Nutrition

 

No matter what else may be adversely affecting the skin/coat, such as allergies, infections, harsh environment, or parasites, the problem will be worse in a dog that is only barely meeting its nutrient requirements. And skin/coat problems are always less severe and occur less often in well nourished pets. Dogs (and cats) are primarily meat eaters. They will act, feel and look their best if fed a diet whose first ingredient listed on the pet food label is MEAT, POULTRY or FISH. Diets that are based on grains such as corn will not properly nourish dogs (or cats).

 

Always recommend to the customer that they seek a veterinarian's advice if you suspect a pet may have a nutritional deficiency. And here's a hint... emphasize the words "may have". If you don't, I guaranteed you that the veterinarian will hear your client say "The groomer says that Fritzie has a nutritional deficiency" and you will erroneously be accused of making a medical diagnosis. So be sure the customer understands that you are making an observation and merely suggesting a veterinarian examine the animal

 

The entire field of pet health nutrition is now only beginning to recognize the value and function of meat-based (poultry, beef, lamb, fish) diets. Many well known brands of dog and cat foods that have been around for years and whose foundation (the first listed ingredient on the label) is a grain such as corn, wheat, barley, or rice simply do not provide the health enhancing nutrients that meat-based diets provide. As a professional groomer your suggestions to the pet owner carries remarkable credibility. It is your obligation on behalf of the pet and as a pet health care professional to become familiar with high quality diets.

 

Always note on your client chart what the pet is being fed. If you detect a less than optimum skin/coat condition, be sure to discuss with the owner your concerns about the pets nutritional status. You might even suggest some nutrition counseling with a local veterinarian who has a genuine interest in nutrition. Remember ... if a pet doesn't look well, it probably doesn't feel well.

 

Grooming Hazards

 

Cuts

 

Oh, brother! Now you've really done it! While cutting that tiny mat behind the ear or trying an awkward underneath, backhand, reverse scissor cut you slice a neat little crescent shaped incision into the pet's skin.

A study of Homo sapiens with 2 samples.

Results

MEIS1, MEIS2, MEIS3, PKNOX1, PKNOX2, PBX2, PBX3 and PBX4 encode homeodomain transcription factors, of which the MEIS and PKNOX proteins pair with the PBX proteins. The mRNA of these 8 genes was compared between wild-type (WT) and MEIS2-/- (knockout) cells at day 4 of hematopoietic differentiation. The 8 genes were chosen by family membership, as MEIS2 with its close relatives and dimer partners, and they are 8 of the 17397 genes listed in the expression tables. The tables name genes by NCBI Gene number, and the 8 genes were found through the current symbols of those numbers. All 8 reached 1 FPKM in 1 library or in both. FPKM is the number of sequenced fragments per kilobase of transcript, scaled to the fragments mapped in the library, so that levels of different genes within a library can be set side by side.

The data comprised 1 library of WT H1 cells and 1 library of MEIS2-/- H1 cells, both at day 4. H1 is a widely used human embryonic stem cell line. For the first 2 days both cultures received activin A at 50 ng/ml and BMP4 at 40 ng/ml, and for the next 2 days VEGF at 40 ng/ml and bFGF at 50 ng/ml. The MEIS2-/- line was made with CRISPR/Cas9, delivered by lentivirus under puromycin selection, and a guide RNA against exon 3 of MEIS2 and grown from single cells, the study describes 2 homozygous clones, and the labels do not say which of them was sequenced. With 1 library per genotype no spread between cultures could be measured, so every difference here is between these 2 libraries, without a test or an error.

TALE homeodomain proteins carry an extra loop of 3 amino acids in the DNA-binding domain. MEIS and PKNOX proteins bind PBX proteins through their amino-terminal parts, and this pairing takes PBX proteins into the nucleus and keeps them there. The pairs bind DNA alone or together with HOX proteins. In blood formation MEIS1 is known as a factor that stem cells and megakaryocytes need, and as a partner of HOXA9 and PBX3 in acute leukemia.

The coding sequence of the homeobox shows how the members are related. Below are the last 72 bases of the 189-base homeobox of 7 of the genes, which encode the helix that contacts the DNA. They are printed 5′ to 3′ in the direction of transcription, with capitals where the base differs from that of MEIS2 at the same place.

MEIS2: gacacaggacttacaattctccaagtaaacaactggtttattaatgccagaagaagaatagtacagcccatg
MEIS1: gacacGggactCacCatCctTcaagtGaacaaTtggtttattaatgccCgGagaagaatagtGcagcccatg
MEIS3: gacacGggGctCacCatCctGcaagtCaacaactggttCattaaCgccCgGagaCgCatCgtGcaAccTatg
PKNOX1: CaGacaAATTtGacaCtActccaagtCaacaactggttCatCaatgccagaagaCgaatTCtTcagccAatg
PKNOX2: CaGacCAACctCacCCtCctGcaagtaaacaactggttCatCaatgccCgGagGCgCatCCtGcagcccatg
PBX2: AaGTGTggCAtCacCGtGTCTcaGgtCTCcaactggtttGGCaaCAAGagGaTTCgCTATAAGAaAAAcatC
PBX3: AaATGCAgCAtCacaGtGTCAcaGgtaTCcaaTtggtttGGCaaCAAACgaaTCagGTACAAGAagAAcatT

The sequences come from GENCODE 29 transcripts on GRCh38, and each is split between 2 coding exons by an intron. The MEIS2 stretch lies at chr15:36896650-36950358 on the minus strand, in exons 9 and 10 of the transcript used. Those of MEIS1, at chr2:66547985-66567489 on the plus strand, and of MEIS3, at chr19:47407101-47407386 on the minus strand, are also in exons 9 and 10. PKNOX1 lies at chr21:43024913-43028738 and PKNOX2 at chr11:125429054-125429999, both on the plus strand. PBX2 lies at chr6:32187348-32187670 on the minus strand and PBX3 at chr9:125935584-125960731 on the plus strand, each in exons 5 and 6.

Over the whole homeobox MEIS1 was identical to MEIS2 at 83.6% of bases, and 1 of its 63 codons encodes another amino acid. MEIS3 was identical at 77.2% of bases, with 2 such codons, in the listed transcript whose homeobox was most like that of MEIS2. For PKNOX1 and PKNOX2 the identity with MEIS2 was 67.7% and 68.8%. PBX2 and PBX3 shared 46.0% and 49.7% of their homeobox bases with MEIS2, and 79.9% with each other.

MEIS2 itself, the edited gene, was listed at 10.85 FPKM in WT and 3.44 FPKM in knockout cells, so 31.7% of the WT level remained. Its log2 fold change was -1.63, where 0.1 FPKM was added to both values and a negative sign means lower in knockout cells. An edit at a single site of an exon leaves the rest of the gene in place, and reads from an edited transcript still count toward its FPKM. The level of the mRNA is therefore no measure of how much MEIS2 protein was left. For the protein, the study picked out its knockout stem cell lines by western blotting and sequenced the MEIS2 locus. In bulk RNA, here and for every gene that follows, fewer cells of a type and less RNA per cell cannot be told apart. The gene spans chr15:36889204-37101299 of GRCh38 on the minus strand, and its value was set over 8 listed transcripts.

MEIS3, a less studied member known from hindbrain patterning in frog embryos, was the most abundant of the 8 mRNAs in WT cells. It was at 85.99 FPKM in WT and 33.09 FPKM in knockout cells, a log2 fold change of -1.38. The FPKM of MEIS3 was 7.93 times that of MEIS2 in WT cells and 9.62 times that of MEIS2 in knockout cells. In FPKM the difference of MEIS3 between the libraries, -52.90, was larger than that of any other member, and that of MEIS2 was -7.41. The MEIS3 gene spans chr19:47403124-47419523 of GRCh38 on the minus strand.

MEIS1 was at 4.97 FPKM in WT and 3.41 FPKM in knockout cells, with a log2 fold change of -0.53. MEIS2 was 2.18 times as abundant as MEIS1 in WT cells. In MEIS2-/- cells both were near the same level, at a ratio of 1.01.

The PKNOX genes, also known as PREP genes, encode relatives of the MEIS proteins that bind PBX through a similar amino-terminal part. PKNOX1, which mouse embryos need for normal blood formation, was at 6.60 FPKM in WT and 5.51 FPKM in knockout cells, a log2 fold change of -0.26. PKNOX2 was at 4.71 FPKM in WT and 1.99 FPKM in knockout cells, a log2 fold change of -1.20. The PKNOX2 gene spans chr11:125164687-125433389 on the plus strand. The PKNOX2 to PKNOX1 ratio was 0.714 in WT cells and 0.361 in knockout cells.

If you're lucky, it won't bleed. But you should try to close the cut temporarily with surgical glue until the veterinarian can examine it. Put a drop into the wound, pinch the skin back to its normal position and hold it for three seconds.

 

If there seems to be a significant bleeding problem, and even tiny cuts along the pinna margins are notorious for splashing crimson all over -- direct pressure to the cut will halt the flow as long as you keep up the pressure.

 

Be sure to call the owner to explain what happened right away. Don't wait until they come for pick-up to inform them. You may have just performed a grooming at no charge if you want to keep them as clients. You should offer to pay for the veterinary bill, too.

 

Clipper Burns & Abrasions

 

Every successful and competent groomer on occasion has had an experience where a few days after grooming a dog it develops an extremely itchy, moist, scabby area that drives the dog and the owner crazy. These skin sores are often called Hot Spots. Also called Moist Eczema, hot spots occur due to trauma to the skin surface, either from a clipper blade scratch or from contact with a hot blade.

 

Hot spots can result from inadequate rinsing, too. If any shampoo is not rinsed away completely and remains in contact with the skin for an extended period of time, a local skin infection can result. The solution: Rinse thoroughly and dry the entire skin and coat before sending the dog home!

 

A true "clipper burn" is a skin lesion that can occur due to a hot clipper blade contacting the skin. The most common site for this problem is along the cheekbone and on the cheek. Hot Spots (moist eczema) requires repeated cleansing and often oral antibiotics to hasten its resolution. Be especially careful with the clippers around the cheeks; it's possible the sharp points on the blades are creating tiny scratches that become irritated or infected, then the dog scratches the area compounding the skin trauma and shortly after that you get a call from the owner!

 

And don't be discouraged if you loose a client because of "clipper burns." Whoever they take the dog to next has had their share too! You won't know when it happens, but you'll find out a few days later. As in any worthwhile endeavor, the fruits of your hard work will be recognized by customer satisfaction. You will have lots of repeat customers! And they will tell their friends.

 

Your success will result in no small measure from your professional and knowledgeable assessment of the mental and physical and nutritional well-being of the pets entrusted to your care. Be observant, take good notes, and don't be reluctant to advise your clients about proper pet health care.